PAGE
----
Syrian society breaks as women & girls face hardship crisis

Emma Batha for Thomson Reuters Foundation – WNN Improve It

Syrian girls in Ramtha, Jordan
Syrian girls who’s families have been displaced, like these girls who are part of a August 28, 2013 DFID – Department for International Development program in Ramtha, Jordan, are now facing the prospects of being married off at an early age for money dowries as their families struggle to make financial ends meet. The UN has registered more than 550,000 Syrians in Jordan, and they now account for nearly 10 percent of the country’s total population. Syrian families that have fled to urban areas in Jordan now often find they cannot get jobs or make any income. As the crisis builds, Amnesty International is now reporting that Jordan has been forcibly returning hundreds of families back to their home locations inside Syria. Image: Russell Watkins/Department for International Development

(WNN/TRF) London, UNITED KINGDOM, WESTERN EUROPE: Syria’s civil war has caused a big increase in ‘honor killings’ and child marriages and the breakdown of the healthcare system, a British-Syrian doctor said on Wednesday.

Healthcare has also become a ‘weapon of war’ for the government, which has targeted doctors and withheld vaccinations from children in opposition-held areas, said Rola Hallam, a volunteer with the medical charity Hand in Hand in Syria.

She said women and girls who had been raped during the conflict then found they were being stigmatised by their relatives, adding to their misery.

“If they are married they are (being) divorced. Their families do not want them. There are lots of honour killings going on,” she told an international women’s rights conference in London hosted by Thomson Reuters Foundation and the International New York Times.

Women and minors in Syria are being raped by government and paramilitary forces, Hallam said.

“My dad is a gynecologist and he was referred an 11-year-old and a 14-year-old pregnant girl as a result of that,” she said. Their fathers had threatened to kill them, and they had been abandoned by their families.

Some 2.2 million Syrians have fled the country during the three-year conflict, mostly to Jordan, Lebanon and Turkey. Many are unaccompanied women with children. Women and girls in refugee camps and overcrowded accommodation in urban areas are at risk of sexual and domestic violence.

Hallam said there was also strong evidence that men were coming to Syria from other parts of the Arab world to marry vulnerable women and take them back to countries in the Gulf and elsewhere. Some of these men had “very suspect histories” while others were almost certainly involved in trafficking.

Parents struggling to survive are also marrying off their daughters, the conference heard.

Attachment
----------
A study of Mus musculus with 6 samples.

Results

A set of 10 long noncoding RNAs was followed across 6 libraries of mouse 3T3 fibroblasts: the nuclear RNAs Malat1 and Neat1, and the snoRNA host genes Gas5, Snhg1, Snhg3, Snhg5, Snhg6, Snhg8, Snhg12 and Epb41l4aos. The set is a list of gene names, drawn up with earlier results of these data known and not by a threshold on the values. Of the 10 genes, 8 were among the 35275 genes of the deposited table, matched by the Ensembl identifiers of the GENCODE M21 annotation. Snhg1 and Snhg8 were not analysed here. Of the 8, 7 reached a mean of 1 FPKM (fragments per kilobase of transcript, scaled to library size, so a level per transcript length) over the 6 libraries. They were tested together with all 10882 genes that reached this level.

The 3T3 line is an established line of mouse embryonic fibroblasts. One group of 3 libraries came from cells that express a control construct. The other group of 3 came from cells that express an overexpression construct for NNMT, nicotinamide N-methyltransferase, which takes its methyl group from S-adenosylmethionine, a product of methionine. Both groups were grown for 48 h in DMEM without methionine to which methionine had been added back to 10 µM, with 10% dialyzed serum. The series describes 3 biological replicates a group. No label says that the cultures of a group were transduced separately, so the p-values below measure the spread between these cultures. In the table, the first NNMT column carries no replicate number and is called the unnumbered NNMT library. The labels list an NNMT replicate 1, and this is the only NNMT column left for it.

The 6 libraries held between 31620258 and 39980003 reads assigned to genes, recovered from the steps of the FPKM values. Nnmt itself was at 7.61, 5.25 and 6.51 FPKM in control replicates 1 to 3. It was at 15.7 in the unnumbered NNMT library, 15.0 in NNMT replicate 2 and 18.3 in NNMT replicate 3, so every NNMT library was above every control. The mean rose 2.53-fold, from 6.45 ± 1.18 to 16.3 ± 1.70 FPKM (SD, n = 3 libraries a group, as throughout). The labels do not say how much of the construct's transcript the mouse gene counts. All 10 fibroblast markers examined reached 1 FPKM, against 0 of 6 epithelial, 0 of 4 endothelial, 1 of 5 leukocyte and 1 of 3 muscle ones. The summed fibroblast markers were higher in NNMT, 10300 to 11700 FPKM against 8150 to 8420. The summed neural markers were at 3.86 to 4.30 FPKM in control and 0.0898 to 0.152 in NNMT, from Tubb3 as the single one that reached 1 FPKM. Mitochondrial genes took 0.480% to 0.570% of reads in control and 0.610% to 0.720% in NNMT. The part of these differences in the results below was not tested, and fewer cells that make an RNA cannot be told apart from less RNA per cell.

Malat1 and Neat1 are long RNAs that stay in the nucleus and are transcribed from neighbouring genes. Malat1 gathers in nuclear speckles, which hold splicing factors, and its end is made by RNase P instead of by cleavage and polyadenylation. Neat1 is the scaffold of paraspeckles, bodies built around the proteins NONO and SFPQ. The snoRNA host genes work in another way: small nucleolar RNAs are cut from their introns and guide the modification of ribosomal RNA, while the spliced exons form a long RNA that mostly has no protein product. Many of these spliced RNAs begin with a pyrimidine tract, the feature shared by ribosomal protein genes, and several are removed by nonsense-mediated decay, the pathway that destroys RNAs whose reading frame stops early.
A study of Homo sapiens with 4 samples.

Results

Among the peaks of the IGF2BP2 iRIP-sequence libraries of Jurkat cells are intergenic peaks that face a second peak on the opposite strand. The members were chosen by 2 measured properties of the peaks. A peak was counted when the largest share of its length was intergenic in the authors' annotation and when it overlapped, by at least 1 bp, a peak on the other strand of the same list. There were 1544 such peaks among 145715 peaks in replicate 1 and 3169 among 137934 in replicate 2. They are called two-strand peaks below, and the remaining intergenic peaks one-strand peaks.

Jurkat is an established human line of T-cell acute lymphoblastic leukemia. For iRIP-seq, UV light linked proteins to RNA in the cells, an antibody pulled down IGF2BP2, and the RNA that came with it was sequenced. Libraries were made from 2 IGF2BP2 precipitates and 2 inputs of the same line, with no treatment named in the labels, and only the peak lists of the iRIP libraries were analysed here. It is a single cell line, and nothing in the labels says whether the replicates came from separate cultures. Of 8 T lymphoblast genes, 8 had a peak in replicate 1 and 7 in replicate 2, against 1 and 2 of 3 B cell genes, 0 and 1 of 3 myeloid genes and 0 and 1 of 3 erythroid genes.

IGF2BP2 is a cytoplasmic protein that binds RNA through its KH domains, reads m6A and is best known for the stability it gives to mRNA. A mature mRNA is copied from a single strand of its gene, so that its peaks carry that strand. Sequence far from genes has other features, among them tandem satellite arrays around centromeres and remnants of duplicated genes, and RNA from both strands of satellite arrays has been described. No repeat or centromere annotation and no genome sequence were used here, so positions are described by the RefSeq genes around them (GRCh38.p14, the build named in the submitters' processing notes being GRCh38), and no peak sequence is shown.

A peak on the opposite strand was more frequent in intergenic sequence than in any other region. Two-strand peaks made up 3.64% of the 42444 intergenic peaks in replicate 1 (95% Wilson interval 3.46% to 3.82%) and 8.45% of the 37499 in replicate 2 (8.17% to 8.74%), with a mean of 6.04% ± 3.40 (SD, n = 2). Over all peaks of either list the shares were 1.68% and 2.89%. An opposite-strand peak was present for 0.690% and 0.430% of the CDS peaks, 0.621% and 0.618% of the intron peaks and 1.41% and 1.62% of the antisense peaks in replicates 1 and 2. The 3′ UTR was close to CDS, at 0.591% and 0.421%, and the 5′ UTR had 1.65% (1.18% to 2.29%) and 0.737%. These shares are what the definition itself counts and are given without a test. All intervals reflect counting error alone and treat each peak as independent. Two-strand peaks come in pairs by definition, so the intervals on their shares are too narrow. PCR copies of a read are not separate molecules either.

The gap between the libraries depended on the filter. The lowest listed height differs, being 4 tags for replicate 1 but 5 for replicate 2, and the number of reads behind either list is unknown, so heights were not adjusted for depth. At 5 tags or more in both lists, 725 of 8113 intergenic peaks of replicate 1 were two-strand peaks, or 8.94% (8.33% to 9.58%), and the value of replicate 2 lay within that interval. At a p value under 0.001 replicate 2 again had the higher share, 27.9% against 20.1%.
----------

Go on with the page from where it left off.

“We are seeing a huge rise in child marriages because families just don’t know what to do with their kids, especially when it’s the mums on their own,” Hallam added.


Hallam, a specialist in intensive care, told the conference there had been a “near total destruction of the health system” in Syria.

“What very few people know is that the health system has been targeted by the Syrian government,” she added. “Doctors, nurses and hospitals have been specifically targeted and (it is) using healthcare as a weapon of war in Syria. Over 60 percent of our hospitals have been destroyed, most of the doctors have left the country.”

In Aleppo city just 35 out of 5,000 doctors remain, Hallam said. “If you go to the biggest hospital in Aleppo, which receives up to 250 patients a day, you are seen by two medical students, a vet, a dentist and a secretary,” she added.

The lack of maternal care services in Syria has led to a big rise in newborn deaths and deaths of babies from starvation and malnutrition, she said.

“Immunizations are being actively stopped from being given to kids in the majority of the country – not the government-held areas but in opposition-held areas,” Hallam added.

She said mental health problems were escalating fast as women fled the fighting with their children, describing this as “a really dangerous, invisible health problem.”

Volker Turk, director of protection at the U.N. refugee agency, said research suggested more than half of Syrian women and girl refugees had psychosocial needs. “We have a very traumatised population,” he said.

Hallam told the conference the uprising against the government had had a big impact on the role of women in Syria, up to 85 percent of whom did not have jobs before the rising began.

“With the beginning of the revolution thousands and thousands of women found their voice. And for the first time in a very male-dominated society they were being included as equals with their men, encouraged to protest, to be activists …” she said.

But, although women’s groups remain active in civil society and women are going into politics, the overwhelming effect of the crisis has been negative.

“Over half the population are homeless now – that’s more than 13 million people are homeless – mainly women and children. And they are not making ends meet,” she said.

Women are being forced into the role of head of the household and breadwinner without the necessary skills and with few jobs available, Hallam said.

“A lot of these women probably left school when they were 10, 11, 12. They’ve not got any work experience, they haven’t got any of the tools to take up jobs and make themselves financially viable.”